WASHINGTON -- As the 2020 campaign gains momentum, the lessons from 2016 seem more relevant. National numbers and analyses can’t adequately capture the complexities of the Electoral College vote. And the American electorate is less a single entity than a complicated mix identities, views and beliefs.
With that in mind, Meet The Press is going to be spending time in five different communities around the country with the hope of better understanding the fault lines that will define the next presidential race – locales that will help fill in the picture of what the polls are saying and why. We call this project County to County.
This week, we look at two of those communities: Milwaukee County in Wisconsin and Kent County in Michigan. Think of them as places where two of the biggest stories in the election will unfold: Will African-Americans turnout? And will establishment Republicans come home on Election Day?
Milwaukee County is a key community to watch the first question. Wisconsin was a state where turnout was down in 2016 and Milwaukee stood out on that count.
In total there were about 92,000 fewer votes cast in Wisconsin in 2016 than there were in 2012. That was about 3 percent decline in votes produced overall. But the majority of that decline, 51,500 votes, came from the Democratic bastion of Milwaukee County, where the drop was 10 percent.
The net result of those numbers was that President Donald Trump won in a state where he was not wildly popular. Trump won Wisconsin by about 23,000 votes overall. And Trump won the state with fewer votes, 1,405,000, than Republican Mitt Romney lost it with in 2012, 1,407,000 votes.
Why was the vote in Milwaukee in particular down so much? The demographic differences indicate the African-American vote was crucial.
At the state level Wisconsin is not a picture of racial and ethnic diversity, more than 80 percent of population is white and non-Hispanic. But Milwaukee looks very different. Just over 50 percent of the population is white and not Hispanic, 27 percent are African-American and 15 percent are Hispanic.
National maps of the 2016 vote show some of the steepest drops in ballots came from African-American neighborhoods. And research from the Center for American Progress, found that African-American turnout fell by 19 percent in Wisconsin in 2016.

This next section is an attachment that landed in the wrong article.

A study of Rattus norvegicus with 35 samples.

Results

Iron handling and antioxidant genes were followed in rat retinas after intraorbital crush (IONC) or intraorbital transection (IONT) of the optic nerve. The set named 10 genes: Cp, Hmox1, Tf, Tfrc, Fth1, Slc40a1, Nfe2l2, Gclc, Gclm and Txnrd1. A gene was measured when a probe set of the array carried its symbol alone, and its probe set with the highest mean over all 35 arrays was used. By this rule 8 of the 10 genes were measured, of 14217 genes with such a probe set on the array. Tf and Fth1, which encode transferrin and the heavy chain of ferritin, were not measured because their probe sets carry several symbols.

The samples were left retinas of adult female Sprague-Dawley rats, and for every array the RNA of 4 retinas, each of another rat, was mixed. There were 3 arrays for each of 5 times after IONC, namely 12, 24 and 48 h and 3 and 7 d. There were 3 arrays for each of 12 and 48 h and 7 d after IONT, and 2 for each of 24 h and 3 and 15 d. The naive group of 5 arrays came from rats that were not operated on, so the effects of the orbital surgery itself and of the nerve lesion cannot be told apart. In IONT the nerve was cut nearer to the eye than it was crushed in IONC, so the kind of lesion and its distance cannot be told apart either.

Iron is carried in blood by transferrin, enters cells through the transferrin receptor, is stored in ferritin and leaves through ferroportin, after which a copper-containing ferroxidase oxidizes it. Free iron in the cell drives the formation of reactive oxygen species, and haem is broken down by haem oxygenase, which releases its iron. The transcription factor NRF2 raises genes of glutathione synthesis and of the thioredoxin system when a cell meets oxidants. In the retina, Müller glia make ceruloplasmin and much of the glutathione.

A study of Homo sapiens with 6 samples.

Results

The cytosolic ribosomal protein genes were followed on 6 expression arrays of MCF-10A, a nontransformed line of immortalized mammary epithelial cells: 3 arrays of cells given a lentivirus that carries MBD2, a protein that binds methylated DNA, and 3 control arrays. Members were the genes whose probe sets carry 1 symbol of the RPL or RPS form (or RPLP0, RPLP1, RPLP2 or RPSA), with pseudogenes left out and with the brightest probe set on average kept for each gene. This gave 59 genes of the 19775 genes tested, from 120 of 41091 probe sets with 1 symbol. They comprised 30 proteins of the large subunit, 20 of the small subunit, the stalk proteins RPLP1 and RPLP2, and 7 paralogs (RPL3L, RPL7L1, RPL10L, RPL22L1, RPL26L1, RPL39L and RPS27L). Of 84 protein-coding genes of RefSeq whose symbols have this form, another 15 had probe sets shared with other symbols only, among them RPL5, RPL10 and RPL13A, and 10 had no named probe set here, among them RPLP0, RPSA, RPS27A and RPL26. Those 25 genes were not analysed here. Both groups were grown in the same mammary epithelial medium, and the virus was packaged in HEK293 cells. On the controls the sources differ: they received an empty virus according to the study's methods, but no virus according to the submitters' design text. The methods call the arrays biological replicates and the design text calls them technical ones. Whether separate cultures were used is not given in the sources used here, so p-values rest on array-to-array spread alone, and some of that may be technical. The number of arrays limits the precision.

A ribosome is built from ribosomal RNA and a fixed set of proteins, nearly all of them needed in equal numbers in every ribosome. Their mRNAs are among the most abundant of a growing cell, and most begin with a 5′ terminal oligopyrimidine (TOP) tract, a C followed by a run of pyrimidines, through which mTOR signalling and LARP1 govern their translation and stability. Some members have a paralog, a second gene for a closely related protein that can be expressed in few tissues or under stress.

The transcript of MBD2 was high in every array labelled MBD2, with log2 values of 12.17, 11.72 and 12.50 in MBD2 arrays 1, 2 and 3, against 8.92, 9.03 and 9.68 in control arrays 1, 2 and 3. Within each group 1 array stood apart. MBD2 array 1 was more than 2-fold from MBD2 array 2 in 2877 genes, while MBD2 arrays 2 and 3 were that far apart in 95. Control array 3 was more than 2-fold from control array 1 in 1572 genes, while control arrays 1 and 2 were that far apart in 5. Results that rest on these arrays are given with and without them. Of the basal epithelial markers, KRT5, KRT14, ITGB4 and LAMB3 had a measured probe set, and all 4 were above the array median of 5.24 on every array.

Bumping up the enthusiasm among those voters in 2020 is a big goal for Democrats. And not just in Milwaukee but in counties where the story was similar in 2016 – such as Wayne and Genesee in Michigan, the homes of Detroit and Flint respectively.
Across Lake Michigan, Kent County offers a different view of the push and pull among key voter groups going into 2020. The county, which is home to Grand Rapids, was a place where Trump underperformed in 2016.
Trump flipped Michigan to the GOP side of the ledger in 2016, doing about 3 points better than Mitt Romney did in the state in 2012. But in Kent, a long-time Republican stronghold, Trump did worse – by more than 5 points.
In fact, Trump’s 47.6 percent in the county represented a low-water mark for a GOP presidential candidate in the last two decades.
Driving that drop in the vote for Trump is the kind of voter – and particularly the kid of Republican – that dominates Kent County, wealthy and educated.
Kent County was the long-time home of former president Gerald Ford, it holds the museum that bears his name and it is still home to the moderate, “chamber of commerce Republicans” that were once the biggest base of the GOP. The median household income in Kent is about $5,000 over the Michigan state figure and the percentage of adults with a college degree is seven points above the state numbers.
In recent years, those with college degrees have been trending away from the GOP as the party sees its strength grow with blue-collar voters. Data suggest Trump’s presidency has accelerated those changes.
Kent offers a good perch to watch what those more establishment Republicans will do in 2020. And in a broader sense, it’s a stand-in for other counties that hold similar kinds of voters including Delaware County Ohio and Douglas County Colorado.
Milwaukee and Kent counties are just two of the communities we’ll be using as listening posts in 2020.
Over the next year, Meet the Press will be reaching out to people in these places and others regularly and visiting with them for the County to County project. The goal is to get beyond the national storylines and use data and on-the-ground reporting to see the election through the eyes of different kinds of voters and communities outside of Washington.
The presidential race happens on a national stage, but it will be decided by voters at the state and local level who see the world through very different lenses. We’ll be using the voters in Milwaukee and Kent and the other counties we visit to get a sense of how key voter blocs view the election, important issues and, the biggest campaign issue of 2020, the president himself.